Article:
Whenever we have an exhibition "on the horizon" it seems to become all encompassing.
and as a result many of the new exciting pieces of work that we have
seem to get overlooked for a short while.
This isn't by choice it is just caused by the worry of the forthcoming event.
But, what is happening outside the exhibition and future events always seem to occupy my mind, no matter what is going on and however busy I am.
I suppose at all times I am excited about the future and what we will be doing next.
It is the anticipation of the unknown, or at least the unknown response to what we will display.
Sometimes, not often, but sometimes, I can get excited about things that will be happening in the future with the knowledge that others will be equally excited.
For instance, the forthcoming exhibition of Maureen Minchin's ceramics.
I know that there will be a huge response.
Also other occasions, when different artworks arrive with no great "fanfare" but which are perhaps more important in the scheme of things than the exhibitions that we hold and which I know the public will love and respond to.
Two instances instantly come to mind,
but one will have to wait until tomorrow before I talk of that.
I know that many, many people out there know of the work by Rima Staines.
She is almost famous without being known.
No, that's wrong. She is famous, but in a strange way, and she is certainly very well known,
but not perhaps in the "all" important art world.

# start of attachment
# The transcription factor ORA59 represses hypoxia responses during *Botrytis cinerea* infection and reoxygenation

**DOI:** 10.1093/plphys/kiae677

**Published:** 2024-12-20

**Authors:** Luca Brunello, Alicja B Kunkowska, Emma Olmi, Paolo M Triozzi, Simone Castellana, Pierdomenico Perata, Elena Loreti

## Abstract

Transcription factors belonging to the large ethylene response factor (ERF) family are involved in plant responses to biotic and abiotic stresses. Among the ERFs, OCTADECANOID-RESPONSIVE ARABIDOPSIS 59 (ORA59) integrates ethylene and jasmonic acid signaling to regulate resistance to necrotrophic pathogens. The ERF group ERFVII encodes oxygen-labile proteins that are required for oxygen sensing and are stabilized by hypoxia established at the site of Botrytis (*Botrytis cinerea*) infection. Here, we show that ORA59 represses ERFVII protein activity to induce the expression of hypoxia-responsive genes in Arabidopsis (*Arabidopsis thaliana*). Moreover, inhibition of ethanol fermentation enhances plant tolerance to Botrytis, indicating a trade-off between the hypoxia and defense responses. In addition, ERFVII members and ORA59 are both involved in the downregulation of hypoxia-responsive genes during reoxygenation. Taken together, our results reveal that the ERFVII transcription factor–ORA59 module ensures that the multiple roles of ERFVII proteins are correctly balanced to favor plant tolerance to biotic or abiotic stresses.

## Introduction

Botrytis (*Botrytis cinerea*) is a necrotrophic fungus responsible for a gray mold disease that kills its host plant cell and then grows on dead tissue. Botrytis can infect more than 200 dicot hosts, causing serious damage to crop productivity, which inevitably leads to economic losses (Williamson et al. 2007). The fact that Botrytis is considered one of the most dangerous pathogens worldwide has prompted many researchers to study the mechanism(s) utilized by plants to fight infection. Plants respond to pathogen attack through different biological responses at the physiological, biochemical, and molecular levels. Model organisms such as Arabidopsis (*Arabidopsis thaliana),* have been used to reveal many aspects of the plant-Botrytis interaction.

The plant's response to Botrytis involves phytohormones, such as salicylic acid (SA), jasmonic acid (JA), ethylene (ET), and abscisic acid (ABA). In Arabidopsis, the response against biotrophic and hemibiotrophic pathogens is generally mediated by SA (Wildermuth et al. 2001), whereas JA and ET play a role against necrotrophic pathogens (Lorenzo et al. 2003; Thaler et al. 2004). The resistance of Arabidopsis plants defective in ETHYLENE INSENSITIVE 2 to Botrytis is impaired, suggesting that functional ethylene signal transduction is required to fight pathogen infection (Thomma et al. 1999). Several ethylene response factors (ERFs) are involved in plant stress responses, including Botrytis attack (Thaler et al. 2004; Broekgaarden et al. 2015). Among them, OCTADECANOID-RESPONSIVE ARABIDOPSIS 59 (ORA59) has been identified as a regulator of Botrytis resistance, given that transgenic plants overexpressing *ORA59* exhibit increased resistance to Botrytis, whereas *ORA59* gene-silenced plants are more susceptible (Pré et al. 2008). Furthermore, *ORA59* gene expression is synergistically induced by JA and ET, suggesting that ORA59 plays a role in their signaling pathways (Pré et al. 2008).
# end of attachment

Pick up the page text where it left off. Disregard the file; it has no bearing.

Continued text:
She is a gypsy, a 'will o' the wisp'', a "free spirit", a very unusual woman and an incredible artist.
She has legions of fans and followers worldwide and has perhaps "the" most followed blog, but what is amazing is that we were the first gallery to exhibit her exciting and very varied work.
To describe what she does would take hours, everything from watercolour to wood.
Paintings, drawings,games, sculptures and even films.
Initially it took an age to "track her down" as she was living in a "house on wheels" travelling the country.
It wasn't a camper or a caravan it literally was a wooden cottage on wheels, something I had heard of but didn't appreciate until I visited for "tea" one summer evening in a Suffolk field.
It was hard to appreciate that in a few days time this cottage in its idyllic location would be gone. No longer would you sip tea and eat strawberry's looking out of the 'stable doors' at a lake but would perhaps instead be viewing a Welsh mountain.
It had such a feeling of permanence it was hard to believe that it could travel.
But travel it did, until one day it stopped.
She stopped, and stayed in Devon.
I feel very privileged to be allowed to show her work from time to time, as she doesn't need any gallery to sell her art as most is pre-sold, but she always participates in any themed exhibition that we hold.
So it will be this May, when we open
'The Rime of the Ancient Mariner'.
I have no idea of what we will receive, but I do know that it will be very unusual, and beautiful.
But exhibition pieces aside, I have been lucky enough to persuade her to work with us on a longer term basis, producing a small series of 'hand embellished' prints unique for us [and her].
The pictures have been chosen from a few of my own favourites of her paintings,
each is printed on textured watercolour paper, is hand finished, signed and totally unique.
Edition size 0f only 33 worldwide.
Of course the odd number of thirty three could only come from Rima's imagination.
I do have other things that I want to talk of but they can wait,
so just for now here are few of her prints.